Saturday, August 05, 2006

The String Vest

I put the words together a couple of years ago. At the time they flowed like some beautiful river, pounding down a mountainside and gathering in a lake of chapters that made perfect sense. I loved every minute I wrote them, hardly waiting until the kettle was boiling in the morning before adding to the word count and staying up late into the night to storm my way through another chapter.

It all made perfect sense, the plot was a dream and came together without a conscious thought. I allowed it to go where it needed to go, we were in harmony, blood sisters. My characters padded themselves out to become nicely rounded individuals, and my research fitted in like a well worn glove, seamlessly sliding in to the whole to create a realistic and believable world.


Have I been suffering from delusions of writing all this time?

Now I look at it and I find that it resembles one of my grandad's string vests, full of enormous holes that need to be patched and repaired. The more I look, the more there are. They are growing by the hour, horrible loopy things, hanging in a tangled mess of unresolved threads.

Hang on, hold up, wait just a minute, I still have a little faith...don't I?

Oh shit, better get a move on......


Anonymous said...

There's nothing wrong with a well-strung vest.

Seriously - if a passage you've written misbehaves itself when you previously thought it was good - just read it again and again until you find the original sense of it before killing it with over-work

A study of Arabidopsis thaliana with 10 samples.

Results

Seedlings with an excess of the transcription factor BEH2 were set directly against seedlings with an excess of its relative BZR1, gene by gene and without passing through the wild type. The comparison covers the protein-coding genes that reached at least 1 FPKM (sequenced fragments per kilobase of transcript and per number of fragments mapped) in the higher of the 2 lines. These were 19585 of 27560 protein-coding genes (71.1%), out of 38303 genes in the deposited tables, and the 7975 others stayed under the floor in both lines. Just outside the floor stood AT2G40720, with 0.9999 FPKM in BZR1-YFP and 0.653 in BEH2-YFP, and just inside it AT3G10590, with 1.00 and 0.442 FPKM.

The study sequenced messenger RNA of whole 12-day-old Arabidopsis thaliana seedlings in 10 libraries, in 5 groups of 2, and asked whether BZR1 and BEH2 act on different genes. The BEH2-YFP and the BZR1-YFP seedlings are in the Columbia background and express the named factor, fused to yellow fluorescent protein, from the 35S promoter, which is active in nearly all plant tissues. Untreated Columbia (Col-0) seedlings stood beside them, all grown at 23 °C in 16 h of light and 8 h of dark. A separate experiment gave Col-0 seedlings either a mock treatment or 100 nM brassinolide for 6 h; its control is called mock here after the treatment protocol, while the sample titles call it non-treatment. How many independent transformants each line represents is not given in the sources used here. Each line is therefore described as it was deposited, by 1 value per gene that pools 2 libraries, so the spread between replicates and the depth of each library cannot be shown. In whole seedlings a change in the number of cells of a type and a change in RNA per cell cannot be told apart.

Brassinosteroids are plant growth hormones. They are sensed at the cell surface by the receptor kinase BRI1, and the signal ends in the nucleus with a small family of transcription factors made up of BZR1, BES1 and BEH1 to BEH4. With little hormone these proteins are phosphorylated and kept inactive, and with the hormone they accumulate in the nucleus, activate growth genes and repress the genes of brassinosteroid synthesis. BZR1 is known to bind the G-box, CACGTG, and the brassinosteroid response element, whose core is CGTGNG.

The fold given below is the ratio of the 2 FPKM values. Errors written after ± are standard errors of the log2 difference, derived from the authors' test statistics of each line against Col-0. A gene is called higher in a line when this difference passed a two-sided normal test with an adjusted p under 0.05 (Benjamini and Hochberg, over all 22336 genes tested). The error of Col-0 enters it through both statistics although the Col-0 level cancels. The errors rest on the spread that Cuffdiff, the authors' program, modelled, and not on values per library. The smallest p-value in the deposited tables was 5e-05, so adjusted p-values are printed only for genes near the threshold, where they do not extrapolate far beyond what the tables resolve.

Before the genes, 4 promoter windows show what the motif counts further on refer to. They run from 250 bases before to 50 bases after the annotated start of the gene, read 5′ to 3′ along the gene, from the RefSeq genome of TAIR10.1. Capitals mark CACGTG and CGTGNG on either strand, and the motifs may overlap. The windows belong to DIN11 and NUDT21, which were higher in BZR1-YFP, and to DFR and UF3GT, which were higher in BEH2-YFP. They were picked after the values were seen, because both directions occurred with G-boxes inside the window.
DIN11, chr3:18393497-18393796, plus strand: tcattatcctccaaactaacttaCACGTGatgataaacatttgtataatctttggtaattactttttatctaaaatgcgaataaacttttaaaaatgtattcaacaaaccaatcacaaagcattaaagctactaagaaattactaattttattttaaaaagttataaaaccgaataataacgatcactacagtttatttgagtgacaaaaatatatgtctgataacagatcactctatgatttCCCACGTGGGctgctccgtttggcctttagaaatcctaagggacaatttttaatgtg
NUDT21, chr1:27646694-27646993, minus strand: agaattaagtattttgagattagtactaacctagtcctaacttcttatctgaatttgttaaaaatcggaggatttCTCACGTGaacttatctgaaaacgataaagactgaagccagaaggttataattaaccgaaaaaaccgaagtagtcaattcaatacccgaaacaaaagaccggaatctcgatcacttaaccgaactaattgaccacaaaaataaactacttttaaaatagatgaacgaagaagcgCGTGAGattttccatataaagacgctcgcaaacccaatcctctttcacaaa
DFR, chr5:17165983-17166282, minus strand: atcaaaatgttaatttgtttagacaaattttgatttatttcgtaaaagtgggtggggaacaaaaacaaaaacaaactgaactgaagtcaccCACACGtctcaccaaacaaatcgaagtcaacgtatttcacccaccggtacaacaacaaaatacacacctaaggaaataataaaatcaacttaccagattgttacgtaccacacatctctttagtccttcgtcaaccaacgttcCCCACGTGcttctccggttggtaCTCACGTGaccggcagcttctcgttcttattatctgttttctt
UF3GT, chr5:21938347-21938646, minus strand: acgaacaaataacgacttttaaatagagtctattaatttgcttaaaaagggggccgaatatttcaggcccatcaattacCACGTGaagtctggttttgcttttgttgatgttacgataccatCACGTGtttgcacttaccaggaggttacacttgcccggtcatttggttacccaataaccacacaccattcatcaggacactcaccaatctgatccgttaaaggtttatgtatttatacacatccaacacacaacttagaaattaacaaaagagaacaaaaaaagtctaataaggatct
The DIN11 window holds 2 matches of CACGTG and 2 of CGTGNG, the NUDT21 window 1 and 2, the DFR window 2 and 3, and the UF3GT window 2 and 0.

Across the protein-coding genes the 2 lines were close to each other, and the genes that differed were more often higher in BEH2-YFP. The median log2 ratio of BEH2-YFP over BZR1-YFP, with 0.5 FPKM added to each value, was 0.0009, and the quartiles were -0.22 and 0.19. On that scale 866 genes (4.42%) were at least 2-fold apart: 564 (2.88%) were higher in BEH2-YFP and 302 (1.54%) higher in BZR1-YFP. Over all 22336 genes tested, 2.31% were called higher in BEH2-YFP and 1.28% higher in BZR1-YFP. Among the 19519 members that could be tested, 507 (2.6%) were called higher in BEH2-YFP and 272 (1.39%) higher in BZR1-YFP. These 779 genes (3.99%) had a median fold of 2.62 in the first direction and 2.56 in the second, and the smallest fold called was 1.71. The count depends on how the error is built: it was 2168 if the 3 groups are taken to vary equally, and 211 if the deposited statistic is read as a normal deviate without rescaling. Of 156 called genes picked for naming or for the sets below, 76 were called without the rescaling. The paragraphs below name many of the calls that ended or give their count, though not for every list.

Lee said...

Sorry, Skint, but in the main I disagree. Distance does wonders for your fiction, and I've vowed never to consider a piece finished till it's 'rested' for many months, maybe even longer.

That said, a good writer is always her own harshest critic, so roll up your sleeves, Minx, makes the changes you think necessary, but DON'T GIVE UP. I'm sure you'll only strengthen your novel.

Marie said...

I agree Minx, don't give up. I find that letting the novel rest for a few weeks works for me because I can come back to it refreshed and full of new ideas, plus I am looking at it with fresh eyes as it's so easy to start hating what you write if you keep going over it.

Maxine Clarke said...

I always think (as an editor) that it must be hard to edit your own work. I am (usually!) praised by "my" authors as I have a perspective on their work that they don't have.
I don't know if fiction writing is the same as science journalism, but it might be useful to have someone else go over it to give you some feedback? (You can always take it or leave it!)

Unknown said...

I've found that workshopping short stories on Critique Circle, for example, was a great way of exposing (!) the cracks that I already thought were in there.

On the other hand, it also helped to confirm what I had thought about some work as being nearly there.

I agree with lee that you are always your own harshest critic, and a fresh perspective from the luxury of distance can do wonders, as can another pair of eyes, as petrona points out.